Although the history of gymnastic competitions dates to classical civilization, the parallel uneven bars are a 20th century addition to the sport. The uneven bars evolved naturally in response to the growing visibility of women in professional sports. In a sport that was originally designed to showcase masculine strength and endurance, the uneven bars provides a showcase for feminine grace and physical agility.
The uneven bars are made from fiberglass and wood, and are typically mounted from a springboard. The standard width is 94.5 inches, while the long and short bars extend 7.5 feet and 5 feet above the ground, respectively, says Dan Gutman, author of “Gymnastics.” The current distance between the two bars is between 5 and 6 feet. However, the distance is adjustable and has been varied in different decades and countries, sometimes affecting how a particular trick is performed. The size of the gymnast also influences the distance of the uneven bars. These variations have been reflected in the positioning of the apparatus as the average age of professional female gymnasts has decreased over time.
The uneven bars were developed to emphasize feminine physicality, so early performances incorporated artistic, ballet-inspired movements, says Gutman. The sport gradually evolved to showcase performance skills along with grace and flexibility, integrating more acrobatics into the routines, such as swings, twists and transitions from one bar to the other. Skills are divided into levels A through E, starting with basic swings and handstands and progressing to difficult hand changes and aerial twists. New skills are named for the gymnast who introduced them, such as the Comaneci and Shaposhnikova.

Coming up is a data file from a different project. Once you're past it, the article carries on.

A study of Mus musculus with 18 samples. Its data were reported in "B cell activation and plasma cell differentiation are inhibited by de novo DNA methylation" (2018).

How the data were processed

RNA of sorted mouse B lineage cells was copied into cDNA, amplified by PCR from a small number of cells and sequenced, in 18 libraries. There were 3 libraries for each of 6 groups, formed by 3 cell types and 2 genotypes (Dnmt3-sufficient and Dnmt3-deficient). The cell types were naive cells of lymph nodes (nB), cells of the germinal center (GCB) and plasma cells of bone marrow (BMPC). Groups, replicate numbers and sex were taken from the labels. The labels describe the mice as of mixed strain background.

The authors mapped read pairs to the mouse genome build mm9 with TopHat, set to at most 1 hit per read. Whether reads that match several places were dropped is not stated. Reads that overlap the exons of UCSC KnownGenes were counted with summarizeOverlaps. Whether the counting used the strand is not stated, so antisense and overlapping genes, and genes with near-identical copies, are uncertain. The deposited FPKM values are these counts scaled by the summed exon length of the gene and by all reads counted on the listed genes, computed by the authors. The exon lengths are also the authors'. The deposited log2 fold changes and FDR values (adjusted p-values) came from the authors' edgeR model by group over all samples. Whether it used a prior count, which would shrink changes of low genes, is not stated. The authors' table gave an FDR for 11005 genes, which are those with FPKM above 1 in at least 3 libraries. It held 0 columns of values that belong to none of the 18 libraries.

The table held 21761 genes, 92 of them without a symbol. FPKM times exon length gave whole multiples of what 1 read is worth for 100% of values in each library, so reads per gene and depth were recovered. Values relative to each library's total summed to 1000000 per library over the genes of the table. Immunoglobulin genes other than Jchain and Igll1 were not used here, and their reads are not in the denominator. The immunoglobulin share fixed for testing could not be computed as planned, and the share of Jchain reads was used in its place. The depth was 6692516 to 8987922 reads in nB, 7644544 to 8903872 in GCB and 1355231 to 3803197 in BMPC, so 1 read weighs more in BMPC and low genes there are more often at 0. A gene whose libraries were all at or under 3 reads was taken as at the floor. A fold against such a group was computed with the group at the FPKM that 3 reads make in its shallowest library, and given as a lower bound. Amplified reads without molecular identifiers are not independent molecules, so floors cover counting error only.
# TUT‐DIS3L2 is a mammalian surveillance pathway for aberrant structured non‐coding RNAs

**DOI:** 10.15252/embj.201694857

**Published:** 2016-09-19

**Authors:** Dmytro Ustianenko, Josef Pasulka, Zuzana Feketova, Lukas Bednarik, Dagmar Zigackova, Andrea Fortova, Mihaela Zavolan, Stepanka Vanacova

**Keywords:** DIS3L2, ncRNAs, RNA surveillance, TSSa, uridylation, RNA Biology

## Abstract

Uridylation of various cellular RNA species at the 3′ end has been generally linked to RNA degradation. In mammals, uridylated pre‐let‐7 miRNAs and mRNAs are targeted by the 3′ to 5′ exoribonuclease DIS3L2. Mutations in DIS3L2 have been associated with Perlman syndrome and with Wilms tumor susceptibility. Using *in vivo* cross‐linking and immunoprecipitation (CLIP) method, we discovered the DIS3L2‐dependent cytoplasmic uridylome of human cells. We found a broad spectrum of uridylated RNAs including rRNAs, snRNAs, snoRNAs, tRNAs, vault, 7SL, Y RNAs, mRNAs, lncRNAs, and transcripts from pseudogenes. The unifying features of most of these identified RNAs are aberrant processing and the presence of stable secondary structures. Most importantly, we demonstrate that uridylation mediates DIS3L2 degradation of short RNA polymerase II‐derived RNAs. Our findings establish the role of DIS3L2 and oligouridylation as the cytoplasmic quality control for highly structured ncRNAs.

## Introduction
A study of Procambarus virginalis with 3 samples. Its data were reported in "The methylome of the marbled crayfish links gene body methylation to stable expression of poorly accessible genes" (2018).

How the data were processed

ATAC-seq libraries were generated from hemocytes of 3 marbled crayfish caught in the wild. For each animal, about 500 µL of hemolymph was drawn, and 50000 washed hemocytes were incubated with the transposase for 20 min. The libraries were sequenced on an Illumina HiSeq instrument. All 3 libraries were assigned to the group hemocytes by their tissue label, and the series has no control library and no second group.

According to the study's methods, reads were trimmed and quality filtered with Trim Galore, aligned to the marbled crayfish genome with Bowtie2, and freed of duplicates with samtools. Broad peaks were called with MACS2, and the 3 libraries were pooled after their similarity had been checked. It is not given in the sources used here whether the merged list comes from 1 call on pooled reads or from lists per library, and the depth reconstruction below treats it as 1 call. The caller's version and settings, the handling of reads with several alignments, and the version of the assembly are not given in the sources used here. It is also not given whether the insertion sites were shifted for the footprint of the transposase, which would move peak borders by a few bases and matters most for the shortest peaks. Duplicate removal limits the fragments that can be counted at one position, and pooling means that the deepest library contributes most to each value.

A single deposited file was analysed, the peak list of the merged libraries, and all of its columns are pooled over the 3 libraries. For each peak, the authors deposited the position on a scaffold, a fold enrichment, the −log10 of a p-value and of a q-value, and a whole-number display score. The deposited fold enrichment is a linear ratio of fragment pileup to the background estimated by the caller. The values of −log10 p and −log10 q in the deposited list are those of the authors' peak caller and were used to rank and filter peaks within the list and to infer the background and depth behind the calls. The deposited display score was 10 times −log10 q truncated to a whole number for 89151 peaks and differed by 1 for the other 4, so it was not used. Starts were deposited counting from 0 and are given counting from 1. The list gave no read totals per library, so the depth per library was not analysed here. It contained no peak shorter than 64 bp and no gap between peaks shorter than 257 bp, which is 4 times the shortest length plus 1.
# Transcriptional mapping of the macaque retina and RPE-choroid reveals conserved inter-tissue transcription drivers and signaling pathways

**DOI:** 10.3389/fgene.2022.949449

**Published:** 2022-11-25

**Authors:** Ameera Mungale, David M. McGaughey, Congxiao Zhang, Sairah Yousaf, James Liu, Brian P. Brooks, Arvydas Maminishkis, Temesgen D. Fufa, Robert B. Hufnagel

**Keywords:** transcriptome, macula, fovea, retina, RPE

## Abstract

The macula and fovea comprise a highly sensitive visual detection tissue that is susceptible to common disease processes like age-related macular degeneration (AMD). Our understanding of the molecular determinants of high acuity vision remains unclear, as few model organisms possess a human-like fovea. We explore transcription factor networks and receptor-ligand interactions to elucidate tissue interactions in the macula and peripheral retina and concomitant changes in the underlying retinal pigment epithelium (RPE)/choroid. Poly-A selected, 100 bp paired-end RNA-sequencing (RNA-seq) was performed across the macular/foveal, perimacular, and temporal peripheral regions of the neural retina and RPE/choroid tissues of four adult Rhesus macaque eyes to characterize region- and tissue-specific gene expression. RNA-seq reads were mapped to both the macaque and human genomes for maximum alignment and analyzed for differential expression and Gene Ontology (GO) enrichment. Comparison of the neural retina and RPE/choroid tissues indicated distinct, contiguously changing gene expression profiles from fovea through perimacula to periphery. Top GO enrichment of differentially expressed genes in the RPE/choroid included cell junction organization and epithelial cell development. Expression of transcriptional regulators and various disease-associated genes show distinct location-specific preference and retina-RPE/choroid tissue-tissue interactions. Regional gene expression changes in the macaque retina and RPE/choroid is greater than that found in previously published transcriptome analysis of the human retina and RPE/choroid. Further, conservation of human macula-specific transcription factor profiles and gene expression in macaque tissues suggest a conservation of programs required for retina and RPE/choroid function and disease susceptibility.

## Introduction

The acceptance of the uneven parallel bars as a legitimate gymnastics event has resulted in a more standardized system of routines and scoring. In a 30-second routine, the gymnast is required to use both bars, performing no more than five moves consecutively on one bar. In the 1960s and 1970s, brief pauses, or stops, were allowed within the routine, but those stops have since been eliminated and routines are expected to be continuous. Gymnasts also are required to include a minimum of two airborne skills. Performers begin with a perfect score and lose points based on factors such as form and level of difficulty. Nadia Comaneci was the first gymnast to score a perfect 10 on the uneven bars at the Olympic Games in 1976.